Turner Syndrome: Treatments and Preventive Measures
Affecting young girls the world over, Turner Syndrome is a condition that mostly manifests itself in short height, which becomes obvious by the time a girl reaches the age of 5. Many of them can also suffer from losing their ovarian function where their eggs die prematurely, and unless they receive hormone therapy, these girls are unable to undergo puberty. This in turn leads to their inability to conceive. However, there have been exceptions where girls suffering from Turner Syndrome grew up to give birth to perfectly healthy children.
Girls are always born with XX chromosomes in them, but those suffering from Turner Syndrome have only one X chromosome. Depending on how the girls’ cells are affected by this absence of chromosome, the effect of the Syndrome can be varied.
Preventive Measures and treatments are a must in these cases. Here is a look at the most common ways of treating Turner Syndrome –
Oestrogen Replacement Therapy
Oestrogen is the hormone present in girls which leads to their sexual development, while also being important in preventing a condition of brittle bones called osteoporosis. For girls suffering from Turner Syndrome, the ovaries are unable to function properly, thus producing low amounts of oestrogen.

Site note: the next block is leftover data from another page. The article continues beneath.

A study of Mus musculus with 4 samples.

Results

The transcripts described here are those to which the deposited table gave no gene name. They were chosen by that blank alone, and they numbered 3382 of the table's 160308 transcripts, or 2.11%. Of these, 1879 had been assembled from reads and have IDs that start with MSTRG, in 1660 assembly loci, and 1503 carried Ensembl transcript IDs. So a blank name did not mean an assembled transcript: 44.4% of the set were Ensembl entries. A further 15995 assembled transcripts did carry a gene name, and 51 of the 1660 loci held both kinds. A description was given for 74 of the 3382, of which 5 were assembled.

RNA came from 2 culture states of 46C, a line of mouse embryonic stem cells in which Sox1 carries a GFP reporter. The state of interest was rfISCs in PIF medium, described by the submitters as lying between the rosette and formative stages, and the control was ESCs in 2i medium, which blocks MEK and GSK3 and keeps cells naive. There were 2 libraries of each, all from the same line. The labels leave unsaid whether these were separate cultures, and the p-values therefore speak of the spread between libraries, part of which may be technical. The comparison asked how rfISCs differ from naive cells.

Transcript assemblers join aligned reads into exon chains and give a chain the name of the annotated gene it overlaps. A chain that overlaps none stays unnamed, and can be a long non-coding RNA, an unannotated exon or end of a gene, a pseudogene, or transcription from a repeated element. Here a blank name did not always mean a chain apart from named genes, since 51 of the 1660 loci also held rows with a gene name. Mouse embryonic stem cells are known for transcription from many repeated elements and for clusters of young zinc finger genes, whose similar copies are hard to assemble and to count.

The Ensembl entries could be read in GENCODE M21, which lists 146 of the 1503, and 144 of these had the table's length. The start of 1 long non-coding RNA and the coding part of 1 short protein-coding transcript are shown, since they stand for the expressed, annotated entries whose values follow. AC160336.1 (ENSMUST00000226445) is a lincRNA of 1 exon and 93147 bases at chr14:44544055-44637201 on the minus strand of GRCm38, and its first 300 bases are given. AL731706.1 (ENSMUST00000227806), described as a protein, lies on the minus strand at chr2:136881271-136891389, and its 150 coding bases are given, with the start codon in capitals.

One should visit an endocrinologist to help them guide through the process of oestrogen replacement. This is started during the beginning of end of a girl’s normal puberty period. Today, the average age is 11 for the start of puberty, but since beginning the therapy too early may hinder the girl’s actually growth, this therapy is recommended between the ages of 12 and 15.
In most cases, when these girls grow up to be women, they still require this hormonal treatment up until they experience menopause, because that is when the body stops producing oestrogen.
Growth Hormone Therapy
Such a therapy is given right around the time it becomes apparent that there is some deterrent in the girl’s growth of height. This usually happens around the age of 5, which is the time when the therapy should begin. Needless to say, in cases when the slow growth of a girl is detected at later stages of life, the therapy also starts late. In both the cases, the therapy continues well into the teenage years, till the girl turns 16 years of age.
Suffering from Turner’s Syndrome can be traumatic for young girls who may end up suffering from depression or low self-esteem. It can be either as a result of short height or the inability to conceive, but in both the cases it’s their inability to cope up with their condition as well as an inability to respond to people’s behaviour which leads to their psychological trauma.
Most problems are faced at either the office, school or at home via relatives. In such cases, therapies like Cognitive Behavioural Therapy are recommended.